Tea Traditions And Fun Facts

Just like bingo, drinking tea is considered one of the favourite pastimes in Britain. In honour of tea traditions in the UK, we’ve covered up a couple of tea fun facts you might not know.



Bingo has always been one of the favourite pastimes in the UK. There, people host virtual bingo parties, prepare educational bingo games, and there are plenty of celebrities who enjoy playing a game of bingo or two. Today, bingo is present online, and the rise in popularity of online bingo resulted in developing plenty of unique and fun bingo games. You’ll benefit from different offers, bonuses and jackpots, and you can meet numerous people in the online chat provided in the bingo rooms.

Another activity that has been recognized as one of the favourite pastimes in Britain is drinking tea. When we think of tea, we immediately think about Britain and the British tea tradition. It’s the second most popular beverages worldwide, after coffee. Yes, British people are considered the most popular tea drinkers, and we’ve already talked about the history of tea in Britain. About 80% of Brits drink tea and consume millions of cups yearly, so tea definitely plays an important role there!

The most popular tea tradition in Britain is afternoon tea and it has been present in British culture since 1840. From the 19th century onwards, afternoon tea is served as the meal that satisfies the hunger between lunch and dinner. Over the years, afternoon tea has evolved, and people are exploring new additions to the common tea combinations.

In honour of tea traditions in the UK, we’ve covered up a couple of tea fun facts you might not know.

Tea doesn’t come from Britain - You might think that the history of tea starts in Britain, however, the tea was found in China by the Chinese emperor Shen Nung. Tea was first brought to Britain in the early 17th century by the East India Company and was an expensive drink available only to the upper class.

A hungry Duchess is the reason for the afternoon tea tradition - Anna, the seventh Duchess of Bedford, would get hungry around 4 PM, while the evening meal was served at around 8 PM. In order for the Duchess to not be hungry in the long period between lunch and dinner, she asked a tray of bread, tea, butter, and a cake to be brought into her room late in the afternoon. That became a habit and she started inviting her friends for an afternoon tea.

Only men were allowed to drink tea - When tea came to Britain, it was sold in coffee houses and only men were allowed to enter them and drink tea. In 1717, the Twinning family opened a tea shop that allowed women. This shop is still opened, so feel free to visit it.

There was a time when tea was illegal - When in the 18th century, taxation of tea imports increased to 119%, people imported through illegal methods. This led to massive smuggling of tea, and people started to sell low-quality tea products. People dried used tea leaves and mixed them with new leaves and other plants in order to produce new tea. This smuggling was eliminated after 1784 when tea taxation went to 12.5%.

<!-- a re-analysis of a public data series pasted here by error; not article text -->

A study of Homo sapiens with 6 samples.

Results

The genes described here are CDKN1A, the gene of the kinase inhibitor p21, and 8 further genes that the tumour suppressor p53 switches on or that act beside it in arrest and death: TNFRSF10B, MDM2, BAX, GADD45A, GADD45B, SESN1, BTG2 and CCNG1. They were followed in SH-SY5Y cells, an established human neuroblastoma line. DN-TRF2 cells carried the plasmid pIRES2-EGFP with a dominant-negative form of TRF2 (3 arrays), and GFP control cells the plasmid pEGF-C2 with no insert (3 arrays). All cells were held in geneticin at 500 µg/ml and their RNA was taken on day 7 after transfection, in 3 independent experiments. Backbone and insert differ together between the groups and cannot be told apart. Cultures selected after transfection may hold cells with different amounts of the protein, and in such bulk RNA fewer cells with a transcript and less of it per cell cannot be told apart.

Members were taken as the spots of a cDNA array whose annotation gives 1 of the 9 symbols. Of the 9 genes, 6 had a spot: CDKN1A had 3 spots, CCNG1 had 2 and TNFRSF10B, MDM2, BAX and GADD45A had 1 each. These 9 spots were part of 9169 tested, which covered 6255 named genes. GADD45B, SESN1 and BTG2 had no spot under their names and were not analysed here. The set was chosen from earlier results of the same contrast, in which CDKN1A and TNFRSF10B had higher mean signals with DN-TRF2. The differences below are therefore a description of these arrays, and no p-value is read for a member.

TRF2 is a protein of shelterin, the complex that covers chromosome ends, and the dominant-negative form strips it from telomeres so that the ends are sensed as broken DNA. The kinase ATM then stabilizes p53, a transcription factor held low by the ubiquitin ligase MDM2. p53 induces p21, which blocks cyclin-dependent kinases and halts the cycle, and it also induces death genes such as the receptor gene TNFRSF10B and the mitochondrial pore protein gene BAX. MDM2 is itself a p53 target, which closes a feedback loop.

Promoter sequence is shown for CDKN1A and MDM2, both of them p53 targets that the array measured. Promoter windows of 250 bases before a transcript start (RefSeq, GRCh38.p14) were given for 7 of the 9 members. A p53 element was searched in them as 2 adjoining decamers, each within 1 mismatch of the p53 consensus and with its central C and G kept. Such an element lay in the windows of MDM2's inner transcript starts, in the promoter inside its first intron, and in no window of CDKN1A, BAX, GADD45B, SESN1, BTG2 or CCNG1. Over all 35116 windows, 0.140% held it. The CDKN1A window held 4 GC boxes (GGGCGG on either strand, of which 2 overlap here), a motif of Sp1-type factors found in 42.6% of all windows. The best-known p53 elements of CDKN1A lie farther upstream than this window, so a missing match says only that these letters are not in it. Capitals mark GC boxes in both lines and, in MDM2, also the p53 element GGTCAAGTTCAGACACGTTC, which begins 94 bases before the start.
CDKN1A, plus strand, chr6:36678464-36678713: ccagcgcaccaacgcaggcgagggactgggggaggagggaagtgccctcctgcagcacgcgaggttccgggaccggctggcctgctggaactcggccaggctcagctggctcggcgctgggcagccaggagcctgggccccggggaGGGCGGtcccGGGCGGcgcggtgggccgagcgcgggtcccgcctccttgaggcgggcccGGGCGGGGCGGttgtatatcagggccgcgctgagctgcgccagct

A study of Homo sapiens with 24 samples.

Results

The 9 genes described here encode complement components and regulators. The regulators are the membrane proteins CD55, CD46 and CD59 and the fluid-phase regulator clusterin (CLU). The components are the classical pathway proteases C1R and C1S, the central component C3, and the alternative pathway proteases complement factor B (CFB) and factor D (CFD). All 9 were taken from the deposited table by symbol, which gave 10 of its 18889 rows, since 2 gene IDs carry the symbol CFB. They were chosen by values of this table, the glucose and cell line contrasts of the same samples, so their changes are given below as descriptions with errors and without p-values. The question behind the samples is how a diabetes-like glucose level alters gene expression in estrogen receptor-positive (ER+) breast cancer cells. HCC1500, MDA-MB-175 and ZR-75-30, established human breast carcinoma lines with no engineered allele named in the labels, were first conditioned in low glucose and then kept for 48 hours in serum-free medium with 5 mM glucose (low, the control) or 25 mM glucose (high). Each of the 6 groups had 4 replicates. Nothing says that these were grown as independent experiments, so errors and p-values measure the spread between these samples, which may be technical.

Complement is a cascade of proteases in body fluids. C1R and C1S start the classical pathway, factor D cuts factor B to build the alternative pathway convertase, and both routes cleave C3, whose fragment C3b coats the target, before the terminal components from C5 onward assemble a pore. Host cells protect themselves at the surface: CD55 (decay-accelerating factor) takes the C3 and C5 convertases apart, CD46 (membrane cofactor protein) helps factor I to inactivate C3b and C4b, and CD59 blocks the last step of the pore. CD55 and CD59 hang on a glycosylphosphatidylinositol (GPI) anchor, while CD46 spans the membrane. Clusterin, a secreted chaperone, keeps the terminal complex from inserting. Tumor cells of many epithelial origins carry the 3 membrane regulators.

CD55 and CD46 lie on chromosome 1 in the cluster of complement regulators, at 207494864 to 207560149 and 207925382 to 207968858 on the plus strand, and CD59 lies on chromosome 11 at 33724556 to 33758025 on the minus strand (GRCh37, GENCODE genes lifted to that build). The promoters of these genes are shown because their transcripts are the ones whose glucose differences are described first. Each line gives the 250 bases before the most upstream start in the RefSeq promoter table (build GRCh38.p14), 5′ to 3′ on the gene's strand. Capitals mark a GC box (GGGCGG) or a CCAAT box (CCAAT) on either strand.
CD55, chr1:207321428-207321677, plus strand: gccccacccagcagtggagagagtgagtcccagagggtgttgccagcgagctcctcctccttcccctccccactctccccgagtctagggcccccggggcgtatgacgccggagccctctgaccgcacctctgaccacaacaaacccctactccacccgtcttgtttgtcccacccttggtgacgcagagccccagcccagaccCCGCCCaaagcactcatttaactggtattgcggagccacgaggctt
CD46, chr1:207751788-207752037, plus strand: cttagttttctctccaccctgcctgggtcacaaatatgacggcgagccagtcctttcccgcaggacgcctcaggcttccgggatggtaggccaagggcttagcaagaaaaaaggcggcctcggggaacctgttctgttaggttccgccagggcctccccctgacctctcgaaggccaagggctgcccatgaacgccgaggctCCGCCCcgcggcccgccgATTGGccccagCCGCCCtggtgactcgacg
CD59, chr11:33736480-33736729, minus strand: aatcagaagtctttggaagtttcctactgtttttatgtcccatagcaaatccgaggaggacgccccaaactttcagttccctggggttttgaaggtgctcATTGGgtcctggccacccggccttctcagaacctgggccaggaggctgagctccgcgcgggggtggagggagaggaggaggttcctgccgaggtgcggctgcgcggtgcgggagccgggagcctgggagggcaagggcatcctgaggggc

The teabag was found later - When tea was invented, enjoying a cup of tea required brewing a whole pot which led to a lot of waste. In 1908, a tea importer started sending tea samples in little silk bags. Instead of throwing the bags, people started putting the whole bag in brewing a single cup. And that’s how the story of teabag starts!

The most expensive tea bag - The most expensive tea bag in the world was created by Boodles jewellers to celebrate PG Tips’s 75th anniversary. The diamond-encrusted bag was valued at £7,500.

Milk before tea - You know that many people drink tea with milk, especially when it comes to dark tea because it is so strong on its own. However, in the past, people preferred to put milk before tea into the cup to protect china.

Green tea and black tea are made from the same plant - Tea is made from the leaves of Camellia Sinensis, a small tree from Asia. The difference between green tea and black tea, as well as between other tea types, is the way how leaves are processed. After the leaves are picked, they start to oxidise. For example, white tea is the least oxidised tea, then is the green tea, while black tea oxidises the most.

Black tea is the most popular - Almost 75% of the world’s tea consumption comes from black tea. Black tea is the most common beverage in the UK, United States, and Europe. The second popular tea is green tea which is the most common beverage in Japan and China.

You can drink too much tea - In 2014, a 56-year-old man had a kidney issue after he drank about 16 glasses of tea in a day. He drank black tea that has high concentrations of oxalate, which lead to renal failure.

Tea was seen as a health drink - Historically, people believed that tea, especially green tea, can reduce some types of cancer, blood pressure, risk of cardiovascular diseases, as well as it helps with bad breath, weight loss, and acts as an anti-inflammatory. Even if it’s hard to prove that tea has a direct impact on health, many studies have proved its positive benefits.

The British Standard for the perfect cup of tea - In 1980, the British Tea Producers’ Association, Tea Trade Committee and Ministry of Agriculture, Fisheries and Food created the standards for the perfect cup of tea to help professional tea testers:

"You need a pot made of porcelain, and there must be at least two grams of tea to every 100ml of water. The temperature can’t go beyond 85 degrees when served but should be above 60 degrees for "optimum flavour and sensation".